Improving prospects for cement manufacturers and increased cement demand in East Africa have pushed stocks of listed Kenyan cement producers to a new high.
East and Central African countries are pumping billions of dollars into upgrading their infrastructure and raising cement demand in the process, which could still edge higher as the continent’s newest nation Southern Sudan begins reconstruction following a successful secession referendum.
The total East African cement capacity, including imported clinker, is set to reach 11.6Mta by the end of the year, from 8Mta at the beginning of the year.
Athi River Mining’s (ARM) shares are trading at an all-time high of US$2.4 per share at the Nairobi Stock Exchange, signalling an expansion in the region’s construction sector which has triggered fresh demand.
Since the beginning of the year, East Africa Portland Cement’s (EAPC) share price has gone up 36 per cent, trading at US$1.47 per share on thin volumes.
Likewise, Bamburi Cement’s shares are trading at U$2.48 per share reflecting a 5.7 per cent growth since January.
ARM is making a play for a larger share in the Kenyan and Tanzanian markets. The completion of its Tanzanian plant in Maweni, Tanga, is set for January 2012, according to the company, which would see it raise its Tanzanian capacity from 1Mta to 2.5Mta.
“We will be the biggest player in the market in the next 18 months,” says Pradeep Paurana, managing director of ARM.
ARM also has an existing integrated factory in Kenya’s coastal province of Kaloleni, eliminating the need for clinker imports. “We decided we want to control cost economies for our own production,” Mr Paurana said. “Whoever sells you clinker is making a profit and you are paying additional costs on top.”
For example, the total landing cost (inclusive of port charges and 25 per cent duty) for a tonne of cement shipped to the port of Mombasa from Pakistan is US$117. Local firms such as ARM and Bamburi sell at US$115/t ex-factory making their product more competitive.
Mombasa Cement, Devki Steel mills and Catic, operating grinding facilities in Kenya, all have to import clinker, but they are taking on the established players by lowering their local prices per bag.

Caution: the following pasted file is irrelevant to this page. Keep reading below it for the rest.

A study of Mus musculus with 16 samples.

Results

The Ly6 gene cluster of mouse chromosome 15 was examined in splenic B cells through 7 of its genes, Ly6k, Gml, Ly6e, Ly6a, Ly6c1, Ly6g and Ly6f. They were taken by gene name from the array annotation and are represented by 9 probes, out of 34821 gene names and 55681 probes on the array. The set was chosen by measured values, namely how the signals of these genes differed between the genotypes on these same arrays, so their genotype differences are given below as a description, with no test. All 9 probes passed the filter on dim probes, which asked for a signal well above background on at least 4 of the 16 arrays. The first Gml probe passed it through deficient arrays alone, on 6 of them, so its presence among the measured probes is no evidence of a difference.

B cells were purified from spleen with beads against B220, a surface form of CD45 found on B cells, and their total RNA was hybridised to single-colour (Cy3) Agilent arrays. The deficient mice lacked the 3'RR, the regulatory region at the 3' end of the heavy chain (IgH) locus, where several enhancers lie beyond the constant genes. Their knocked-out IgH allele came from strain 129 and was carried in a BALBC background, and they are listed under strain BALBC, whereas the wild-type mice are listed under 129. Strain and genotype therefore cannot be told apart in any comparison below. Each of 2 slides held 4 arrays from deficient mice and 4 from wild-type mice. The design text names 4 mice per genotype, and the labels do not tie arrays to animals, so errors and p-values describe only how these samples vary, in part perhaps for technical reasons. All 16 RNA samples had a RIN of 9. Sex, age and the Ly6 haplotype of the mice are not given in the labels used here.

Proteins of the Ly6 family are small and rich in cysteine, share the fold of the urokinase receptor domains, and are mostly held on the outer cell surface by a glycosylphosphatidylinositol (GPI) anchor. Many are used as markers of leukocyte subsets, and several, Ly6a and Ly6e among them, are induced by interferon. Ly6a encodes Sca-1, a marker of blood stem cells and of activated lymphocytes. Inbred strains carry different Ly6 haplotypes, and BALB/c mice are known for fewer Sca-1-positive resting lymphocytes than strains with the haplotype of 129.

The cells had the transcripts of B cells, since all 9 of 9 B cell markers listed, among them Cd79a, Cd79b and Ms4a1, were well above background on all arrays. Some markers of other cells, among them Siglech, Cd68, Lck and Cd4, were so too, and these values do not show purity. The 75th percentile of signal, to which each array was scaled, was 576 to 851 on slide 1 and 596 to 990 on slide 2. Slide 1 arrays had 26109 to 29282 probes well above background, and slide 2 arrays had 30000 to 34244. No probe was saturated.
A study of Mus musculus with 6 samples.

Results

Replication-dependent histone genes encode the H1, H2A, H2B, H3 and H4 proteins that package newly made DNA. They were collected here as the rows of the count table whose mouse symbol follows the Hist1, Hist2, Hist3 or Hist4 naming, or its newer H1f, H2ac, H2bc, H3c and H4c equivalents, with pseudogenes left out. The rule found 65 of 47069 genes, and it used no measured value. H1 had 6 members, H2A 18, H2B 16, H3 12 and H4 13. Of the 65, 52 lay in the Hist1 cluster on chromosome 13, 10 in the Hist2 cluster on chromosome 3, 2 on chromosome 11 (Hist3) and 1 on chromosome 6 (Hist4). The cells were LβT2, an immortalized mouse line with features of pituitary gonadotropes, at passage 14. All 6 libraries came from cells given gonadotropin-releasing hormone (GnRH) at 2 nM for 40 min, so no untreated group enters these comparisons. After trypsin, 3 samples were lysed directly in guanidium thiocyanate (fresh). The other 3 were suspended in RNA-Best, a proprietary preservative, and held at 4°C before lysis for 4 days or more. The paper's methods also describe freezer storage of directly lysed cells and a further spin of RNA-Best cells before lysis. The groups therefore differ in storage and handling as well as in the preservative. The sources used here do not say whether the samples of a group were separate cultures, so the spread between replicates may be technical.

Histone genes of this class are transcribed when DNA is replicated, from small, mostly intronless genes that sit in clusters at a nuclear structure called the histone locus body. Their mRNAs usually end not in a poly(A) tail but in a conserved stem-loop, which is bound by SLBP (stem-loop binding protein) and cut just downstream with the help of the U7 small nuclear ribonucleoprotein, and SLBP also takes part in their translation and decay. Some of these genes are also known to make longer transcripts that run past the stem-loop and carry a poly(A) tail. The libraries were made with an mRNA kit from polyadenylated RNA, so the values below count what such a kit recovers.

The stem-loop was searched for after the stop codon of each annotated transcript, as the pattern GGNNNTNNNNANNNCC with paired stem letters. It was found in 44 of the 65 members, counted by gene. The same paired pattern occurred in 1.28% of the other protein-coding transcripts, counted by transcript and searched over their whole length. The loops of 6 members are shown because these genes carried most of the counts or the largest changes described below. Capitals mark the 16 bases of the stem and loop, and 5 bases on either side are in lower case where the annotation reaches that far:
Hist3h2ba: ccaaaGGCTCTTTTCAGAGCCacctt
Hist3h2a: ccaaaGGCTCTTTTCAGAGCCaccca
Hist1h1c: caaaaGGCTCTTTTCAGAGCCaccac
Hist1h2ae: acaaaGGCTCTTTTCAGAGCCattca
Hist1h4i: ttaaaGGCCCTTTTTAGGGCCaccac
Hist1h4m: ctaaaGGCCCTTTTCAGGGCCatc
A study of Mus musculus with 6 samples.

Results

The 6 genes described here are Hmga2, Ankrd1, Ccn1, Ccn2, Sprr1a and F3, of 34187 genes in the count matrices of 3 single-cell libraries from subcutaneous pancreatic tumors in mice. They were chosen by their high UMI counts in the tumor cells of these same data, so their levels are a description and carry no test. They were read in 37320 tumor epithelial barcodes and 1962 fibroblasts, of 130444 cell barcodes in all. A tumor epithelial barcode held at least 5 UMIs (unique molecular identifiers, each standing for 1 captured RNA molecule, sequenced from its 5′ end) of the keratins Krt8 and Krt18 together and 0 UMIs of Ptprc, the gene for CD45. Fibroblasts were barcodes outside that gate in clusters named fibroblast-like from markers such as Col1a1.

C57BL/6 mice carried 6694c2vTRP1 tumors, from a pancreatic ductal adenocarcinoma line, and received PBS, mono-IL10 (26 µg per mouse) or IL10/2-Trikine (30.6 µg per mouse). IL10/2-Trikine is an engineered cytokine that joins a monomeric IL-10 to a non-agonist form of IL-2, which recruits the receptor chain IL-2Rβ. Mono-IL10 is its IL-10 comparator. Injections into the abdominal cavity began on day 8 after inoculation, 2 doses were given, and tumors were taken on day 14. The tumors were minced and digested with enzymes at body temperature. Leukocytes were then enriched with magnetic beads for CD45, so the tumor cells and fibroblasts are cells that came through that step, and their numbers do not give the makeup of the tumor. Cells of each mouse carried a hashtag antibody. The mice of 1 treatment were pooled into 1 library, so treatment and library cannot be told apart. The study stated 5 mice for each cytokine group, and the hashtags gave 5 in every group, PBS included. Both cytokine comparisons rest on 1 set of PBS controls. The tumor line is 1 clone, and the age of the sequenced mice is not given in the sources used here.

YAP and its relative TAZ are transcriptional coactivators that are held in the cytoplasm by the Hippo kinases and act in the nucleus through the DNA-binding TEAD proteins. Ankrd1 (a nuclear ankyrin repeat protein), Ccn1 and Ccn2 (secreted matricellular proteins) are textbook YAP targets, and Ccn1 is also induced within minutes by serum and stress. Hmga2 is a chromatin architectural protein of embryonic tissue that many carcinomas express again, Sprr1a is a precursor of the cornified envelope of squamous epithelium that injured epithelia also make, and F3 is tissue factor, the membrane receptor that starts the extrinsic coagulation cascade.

In Tanzania, cement costs are higher at US$138/t. Hence, Mr Paurana sees a huge opportunity should ARM be able to maintain its US$115/t pricing once the Maweni plant starts production.
“If we do not drop the price, imports will continue,” he says “Tanzania is picking up now, infrastructure is improving and the government has policies favourable to investment.”
Bamburi’s present capacity stands at 3Mta with Kenya’s production at 2.2Mta while in Uganda, Hima Cement’s capacity doubled to 0.85Mta last year.
“We have only recently doubled our capacity in Uganda, which shows our desire to capture value coming as a result of growth opportunities in the region,” said Bamburi Cement.
“Currently our focus is enhancing our customer value through improved services and value added products as the region is already facing a surplus capacity.”
Bamburi is also looking to grow its sales by exporting to Southern Sudan.
If ARM’s capacity grows to 1.5Mta, some analysts see the rise in share price as a justification compared with the market capitalisation of the three firms as a ratio to their capacity.
The respective figures are; ARM (26.71), Bamburi (24.30) and EAPC (8.23). But if the new capacity for ARM is considered at the current share price of US$2.4 then its ratio of market capitalisation to capacity drops to 7.48.